Dozens of Sudbury residents upset about a power company's plan to remove trees and brush from South Sudbury against their wishes packed into Tuesday night's Board of Selectmen meeting at Town Hall. Residents complained that NSTAR left them notices on their doors announcing the intention to begin the work, without proper approvals from them or town officials. The notices did not indicate just how aggressive the work would be, they complained.
Chris Lutz said NSTAR ripped up his kids' playground, their sandbox and a flower garden that included newly-planted roses that could not have possibly been interfering with power. He said NSTAR's work, which he said occured on June 4, shortly before the company agreed to a moratorium, significantly damaged his Guzzlebrook Drive property's value. He showed the crowd large photos of damage he labeled as "The NSTAR Tornado."
Four representatives from NSTAR were at the Selectmen's meeting. It was the first time the company has made a public appearance in Sudbury regarding the controversy.
"We're all in favor of power reliability," said Selectman Bob Haarde, "but this certainly should have been handled differently."
"As a businessman, if I handled my business the way NSTAR handles theirs, I'd be out of a job by tomorrow," complained Brian Kane of Victoria Road, who called the company's communication about the work "substandard" and wondered how NSTAR was able to obtain approval for the work from wildlife officials.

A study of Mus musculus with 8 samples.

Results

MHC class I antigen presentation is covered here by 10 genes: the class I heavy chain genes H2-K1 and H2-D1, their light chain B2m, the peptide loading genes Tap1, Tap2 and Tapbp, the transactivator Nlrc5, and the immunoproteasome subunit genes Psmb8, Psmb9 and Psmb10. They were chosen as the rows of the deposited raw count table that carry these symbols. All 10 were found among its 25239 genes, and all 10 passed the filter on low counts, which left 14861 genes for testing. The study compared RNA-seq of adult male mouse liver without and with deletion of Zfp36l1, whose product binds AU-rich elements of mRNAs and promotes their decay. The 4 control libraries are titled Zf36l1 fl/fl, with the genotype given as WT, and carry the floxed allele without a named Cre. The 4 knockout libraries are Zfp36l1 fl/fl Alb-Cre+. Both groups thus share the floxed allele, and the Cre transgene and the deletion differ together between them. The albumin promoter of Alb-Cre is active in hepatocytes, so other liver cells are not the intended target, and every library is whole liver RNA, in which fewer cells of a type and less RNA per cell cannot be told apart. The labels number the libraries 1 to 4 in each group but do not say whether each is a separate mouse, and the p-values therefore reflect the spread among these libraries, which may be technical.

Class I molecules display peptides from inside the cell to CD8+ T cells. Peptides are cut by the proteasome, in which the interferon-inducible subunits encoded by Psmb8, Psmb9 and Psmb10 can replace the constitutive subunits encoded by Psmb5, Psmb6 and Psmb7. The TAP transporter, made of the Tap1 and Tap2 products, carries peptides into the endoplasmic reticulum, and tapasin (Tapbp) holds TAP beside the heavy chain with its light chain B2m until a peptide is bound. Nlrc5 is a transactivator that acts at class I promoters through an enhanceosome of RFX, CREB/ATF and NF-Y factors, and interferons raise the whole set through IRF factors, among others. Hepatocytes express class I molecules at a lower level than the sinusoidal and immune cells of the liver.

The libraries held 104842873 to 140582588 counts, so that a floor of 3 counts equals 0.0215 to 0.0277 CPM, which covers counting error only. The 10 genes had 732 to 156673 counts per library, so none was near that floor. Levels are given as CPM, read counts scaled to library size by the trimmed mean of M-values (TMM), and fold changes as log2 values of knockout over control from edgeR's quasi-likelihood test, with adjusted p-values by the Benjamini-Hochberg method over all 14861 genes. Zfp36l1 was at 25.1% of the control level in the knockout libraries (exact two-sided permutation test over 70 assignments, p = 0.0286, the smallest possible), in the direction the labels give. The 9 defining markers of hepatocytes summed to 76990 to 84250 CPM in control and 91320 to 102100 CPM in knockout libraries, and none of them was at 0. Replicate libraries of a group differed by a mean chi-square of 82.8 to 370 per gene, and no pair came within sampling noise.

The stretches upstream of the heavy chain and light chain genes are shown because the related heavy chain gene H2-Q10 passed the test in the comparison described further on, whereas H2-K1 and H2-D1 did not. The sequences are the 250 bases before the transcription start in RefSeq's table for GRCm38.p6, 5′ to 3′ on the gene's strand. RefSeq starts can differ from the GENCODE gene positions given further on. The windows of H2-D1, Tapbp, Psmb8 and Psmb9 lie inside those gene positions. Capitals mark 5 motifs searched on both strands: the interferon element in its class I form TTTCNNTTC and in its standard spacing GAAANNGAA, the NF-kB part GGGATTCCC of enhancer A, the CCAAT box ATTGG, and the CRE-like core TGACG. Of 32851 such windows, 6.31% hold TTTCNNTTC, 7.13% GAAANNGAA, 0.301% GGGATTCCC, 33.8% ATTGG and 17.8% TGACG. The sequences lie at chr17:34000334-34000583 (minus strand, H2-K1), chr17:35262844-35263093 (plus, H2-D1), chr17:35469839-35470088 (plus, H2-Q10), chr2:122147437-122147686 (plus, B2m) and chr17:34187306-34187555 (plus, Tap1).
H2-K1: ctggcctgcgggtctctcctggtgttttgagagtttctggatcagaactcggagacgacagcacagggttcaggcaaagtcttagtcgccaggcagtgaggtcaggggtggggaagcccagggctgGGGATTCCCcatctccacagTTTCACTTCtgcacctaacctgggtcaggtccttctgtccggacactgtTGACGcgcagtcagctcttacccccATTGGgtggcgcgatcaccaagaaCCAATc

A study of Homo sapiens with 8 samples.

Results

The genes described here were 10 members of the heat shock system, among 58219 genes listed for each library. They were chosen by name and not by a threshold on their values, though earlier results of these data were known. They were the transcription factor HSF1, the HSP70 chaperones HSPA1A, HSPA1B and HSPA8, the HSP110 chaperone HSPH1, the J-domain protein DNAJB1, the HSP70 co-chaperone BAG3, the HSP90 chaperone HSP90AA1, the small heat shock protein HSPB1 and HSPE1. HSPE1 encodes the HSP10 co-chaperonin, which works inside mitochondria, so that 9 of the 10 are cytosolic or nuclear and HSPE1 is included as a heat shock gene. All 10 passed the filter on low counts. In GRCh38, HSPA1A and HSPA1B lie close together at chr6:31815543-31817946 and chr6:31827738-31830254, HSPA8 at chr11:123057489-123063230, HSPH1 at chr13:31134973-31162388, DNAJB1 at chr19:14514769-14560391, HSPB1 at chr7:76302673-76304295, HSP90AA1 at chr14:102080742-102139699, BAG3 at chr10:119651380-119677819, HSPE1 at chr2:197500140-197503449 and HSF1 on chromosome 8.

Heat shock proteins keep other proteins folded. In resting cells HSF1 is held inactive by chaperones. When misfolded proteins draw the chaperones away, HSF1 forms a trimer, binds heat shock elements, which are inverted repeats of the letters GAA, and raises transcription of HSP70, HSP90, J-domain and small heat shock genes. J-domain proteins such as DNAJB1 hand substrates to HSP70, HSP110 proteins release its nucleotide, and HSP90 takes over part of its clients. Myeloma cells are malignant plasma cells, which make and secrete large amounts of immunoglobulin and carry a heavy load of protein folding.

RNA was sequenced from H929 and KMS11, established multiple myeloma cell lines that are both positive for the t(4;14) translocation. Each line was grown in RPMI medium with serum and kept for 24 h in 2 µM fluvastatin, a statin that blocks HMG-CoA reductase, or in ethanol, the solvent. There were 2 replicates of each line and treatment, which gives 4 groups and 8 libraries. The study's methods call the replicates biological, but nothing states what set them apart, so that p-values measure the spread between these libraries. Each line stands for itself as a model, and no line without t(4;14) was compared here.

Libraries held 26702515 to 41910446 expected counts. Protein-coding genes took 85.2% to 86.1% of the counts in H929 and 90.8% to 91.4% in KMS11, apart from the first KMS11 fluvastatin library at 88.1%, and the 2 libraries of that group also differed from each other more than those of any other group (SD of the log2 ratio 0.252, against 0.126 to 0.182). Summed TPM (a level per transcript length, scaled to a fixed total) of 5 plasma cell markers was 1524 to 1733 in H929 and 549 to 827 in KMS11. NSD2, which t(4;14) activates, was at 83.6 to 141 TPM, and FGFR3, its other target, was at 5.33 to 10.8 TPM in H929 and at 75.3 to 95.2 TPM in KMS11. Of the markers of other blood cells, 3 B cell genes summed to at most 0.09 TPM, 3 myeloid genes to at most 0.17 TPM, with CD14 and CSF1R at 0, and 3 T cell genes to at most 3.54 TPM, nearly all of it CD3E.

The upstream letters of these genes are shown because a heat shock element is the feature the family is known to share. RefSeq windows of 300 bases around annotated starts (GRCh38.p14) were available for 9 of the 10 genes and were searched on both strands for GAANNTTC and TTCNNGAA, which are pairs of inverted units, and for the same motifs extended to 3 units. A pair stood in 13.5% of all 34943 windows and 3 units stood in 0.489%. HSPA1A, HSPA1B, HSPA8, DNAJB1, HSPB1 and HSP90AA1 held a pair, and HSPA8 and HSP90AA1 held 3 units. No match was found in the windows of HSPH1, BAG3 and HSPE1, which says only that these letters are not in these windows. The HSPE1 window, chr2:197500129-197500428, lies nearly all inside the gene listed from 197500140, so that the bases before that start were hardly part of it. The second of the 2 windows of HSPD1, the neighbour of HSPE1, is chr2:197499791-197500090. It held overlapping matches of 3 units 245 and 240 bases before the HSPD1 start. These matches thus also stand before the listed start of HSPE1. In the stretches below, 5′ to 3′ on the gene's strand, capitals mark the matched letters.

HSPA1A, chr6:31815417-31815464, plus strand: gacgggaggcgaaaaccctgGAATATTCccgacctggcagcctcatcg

"We don't want it stark," NSTAR representative Bill Hayes said during a powerpoint presentation which detailed the heights of vegetation the company wants to remove. He said some of the trees in question have grown too large to be managed, and now need to be removed to prevent their contact with power lines. He said property owners can make appointments with NSTAR to discuss mitigation issues for individual properties.
"Please CC me on those mitigation issues," said State Rep. Tom Conroy, who said he's been working on the issue for about four weeks. He noted that every tree and every yard is different and that NSTAR may have some flexibility in accommodating individual property owner concerns.
Selectman Bob Haarde asked whether NSTAR could just remove more branches, as opposed to removing entire trees.
"I think that's a different discussion, although I appreciate the question," said an NSTAR representative, who said branch removal involves work that tends to be more expensive.
NSTAR said work could resume in Sudbury as early as this week, once crews are finished with some work currently being done in Wayland.
In other business, Selectmen heard an update on the Route 20 Corridor Study, which is a precursor to improvements being considered for Route 20. Intersections in the study include Route 20 at Wayside Inn Road, Horse Pond Road, Goodman's Hill Road, Raytheon/Sudbury Plaza and Landham Road. Landham Road in particular would be improved by traffic lights, planners noted.
Sudbury's stretch of Route 20 is traveled on by 22,000 vehicles per day, with 10,000 of those vehicle trips taking place on Landham Road. The intersection was the site of a fatal accident in 2011, which planners said gives new urgency to improvement plans.
Barry S. David and Phyllis Bially were approved for positions with the Council of Aging, with terms to expire in 2015. During a brief interview, they told Selectment they want to help with programs at the Senior Center, which they feel serves an important purpose in the community.
"Just remember, your turn is coming," Bially joked to the middle-aged Selectmen.
Selectmen began the meeting by proclaiming June 15 to be USMC Lance Corporal David W. Poirier Day in Sudbury in acknowledgment of his safe return from recent tours of duty at Guantanamo Bay, Cuba and Camp Rota, Spain.
"He is proud to be from Sudbury," said his mother, as she accepted the proclomation on his behalf.